Using Feature Flags and Externalized configuration .NET Core app with Flagsmith


The adhering of these two architectural patterns (feature toggles and externalized configuration) helps in three commonly known areas on CI/CD process:

  • configuration of the service and integrations between services become easier due to avoiding re-deployments
  • you can extract your secretes from code base and store them in a separate protected storage

Flagsmith and Alternatives

The majority of tools which I investigated makes focus only on feature flags. It means you can get management and monitoring of Boolean flags, but for configuration settings you’ll need to find another solution. There were such candidates as ConfigCat, LaunchDarkly, and others which you can find in this list. Most of them offer SaaS solutions, paid and limited only with toggles. In our case we wanted to host on-premise, within boundaries of our intranet. Because of these reasons I stopped on Vault Project in the beginning. It’s very nice from the perspective of security. In contrast its usage appeared not straightforward as it could be. Also UI is not really convenient to use for settings and toggles. And my final choice was for Flagsmith. Both tools are open source, but on top of this, the latter much easier to be deployed in containers. It can be integrated with existing DB clusters, such as Postgres and others, and can be deployed to Docker/Kubernetes easily, it has a lot of client libraries (e.g., for NodeJs, .NET Core) and allows easy access via shell script which is useful for CI/CD pipelines.

Flagsmith features in short

You can use the free plan of their hosted SaaS solution, or deploy an Open Source version to your infrastructure. After deployment you can create organization. For each organization you can create as many environments as you need. You can define flags or settings in any environment and they become available for all environments of the organization.

How we use Flagsmith in our microservices

We use the .NET Core NuGet package of the client library which is version 2.1.3 on the moment of writing this article. We deploy Flagsmith in Docker on our production environment and on local machines of developers.

Wrapping and Abstracting

In their documentation Flagsmith has a simple usage example. The problem with it is that it relies on a singleton class which is not injectable. Because of that we introduced a wrapper class which retains the original usage pattern, but in addition allows injection. We packed it into the internal NuGet package which is used in every microservice where we need the remote configuration. So the interface looks as follows:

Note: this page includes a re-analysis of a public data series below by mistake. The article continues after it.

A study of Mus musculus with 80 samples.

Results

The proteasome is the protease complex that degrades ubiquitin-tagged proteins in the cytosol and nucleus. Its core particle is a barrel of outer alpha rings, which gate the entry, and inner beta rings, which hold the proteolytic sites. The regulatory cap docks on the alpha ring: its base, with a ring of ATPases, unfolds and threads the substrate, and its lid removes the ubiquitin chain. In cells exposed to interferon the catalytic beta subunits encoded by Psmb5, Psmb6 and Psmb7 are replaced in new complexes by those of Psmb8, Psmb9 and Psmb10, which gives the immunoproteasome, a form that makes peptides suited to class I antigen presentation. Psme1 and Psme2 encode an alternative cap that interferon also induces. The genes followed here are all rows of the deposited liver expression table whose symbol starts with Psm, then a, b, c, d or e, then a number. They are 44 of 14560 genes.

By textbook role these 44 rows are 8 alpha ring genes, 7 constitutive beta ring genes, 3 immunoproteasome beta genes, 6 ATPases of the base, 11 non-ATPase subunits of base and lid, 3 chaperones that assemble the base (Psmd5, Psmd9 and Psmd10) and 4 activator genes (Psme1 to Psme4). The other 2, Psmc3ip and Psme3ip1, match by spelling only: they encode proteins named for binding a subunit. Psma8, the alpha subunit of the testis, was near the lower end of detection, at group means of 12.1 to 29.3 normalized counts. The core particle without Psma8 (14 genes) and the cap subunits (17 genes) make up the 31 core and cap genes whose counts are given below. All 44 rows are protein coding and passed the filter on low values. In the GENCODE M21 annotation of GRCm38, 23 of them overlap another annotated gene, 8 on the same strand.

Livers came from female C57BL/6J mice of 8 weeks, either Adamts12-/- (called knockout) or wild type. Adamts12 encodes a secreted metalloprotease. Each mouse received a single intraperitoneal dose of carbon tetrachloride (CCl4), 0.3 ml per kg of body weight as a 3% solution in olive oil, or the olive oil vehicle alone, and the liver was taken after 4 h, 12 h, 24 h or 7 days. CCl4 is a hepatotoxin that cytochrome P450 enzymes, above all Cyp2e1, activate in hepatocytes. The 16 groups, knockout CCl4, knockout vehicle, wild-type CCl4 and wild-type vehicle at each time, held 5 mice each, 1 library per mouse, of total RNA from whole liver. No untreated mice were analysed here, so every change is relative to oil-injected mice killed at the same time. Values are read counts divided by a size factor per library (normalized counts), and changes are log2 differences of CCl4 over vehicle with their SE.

User = Microservice

In contrast to the suggested usage of Users in Flagsmith, we use it to identify microservices. We don’t need to have separate configuration per user, but we do need sometimes to override configuration for specific microservice. We might need this during experimenting on the Beta environment, when we need all our services to work as usual, but the service which feeds data into the system needs to stream it from production. There are multiple scenarios to use this feature of Flagsmith.

Migration from appsettings.json

Since Flagsmith allows to store string values, the migration from appsettings files is very simple. Before that we had a huge hierarchy of json-configs because we have four environments and some of our microservices could be run using different configurations on the same environment. We just put JSON text which was in json configs to remote settings. On top of that we introduced user names for different configurations of the same service. The rest has been done by Falgsmith. The service just loads the configuration which it needs. Our appsettings.json files become light and simple.

Naming Convention

In order to not forget the purpose of settings and flags, their origin and usage, we developed a simple convention:

<type>_<scope>_<purpose> (e.g., flag_feederservice_extendedaudit)

Points to Remember

In conclusion I’d like to mention points which seem to be complicated to practice, but at the same time, which are important to follow to make feature flags and externalized configuration work for you and not opposite.

  • Enforce short life span for feature flags and track all of them which need to be removed on your Kanban/Scrum board. Remove them as soon as a feature is fully released
  • Do not use combinations or hierarchy of toggles
  • Use strategy pattern instead of IF and move the toggle point as close to Startup.cs file as possible
  • Inversion of Decision


  1. Feature Toggles (aka Feature Flags)
  2. When Feature Flags Go Wrong
  3. Feature Flags: How to Decouple Code from Features
  4. Переключатели функциональности (feature toggles): виды, преимущества и работа с ними в .NET
  5. The Hub for Feature Flag Driven Development

All opinions are my own || Software Developer, learner, perfectionist and entrepreneur-kind person, nonconformist. Always seeks for the order and completeness.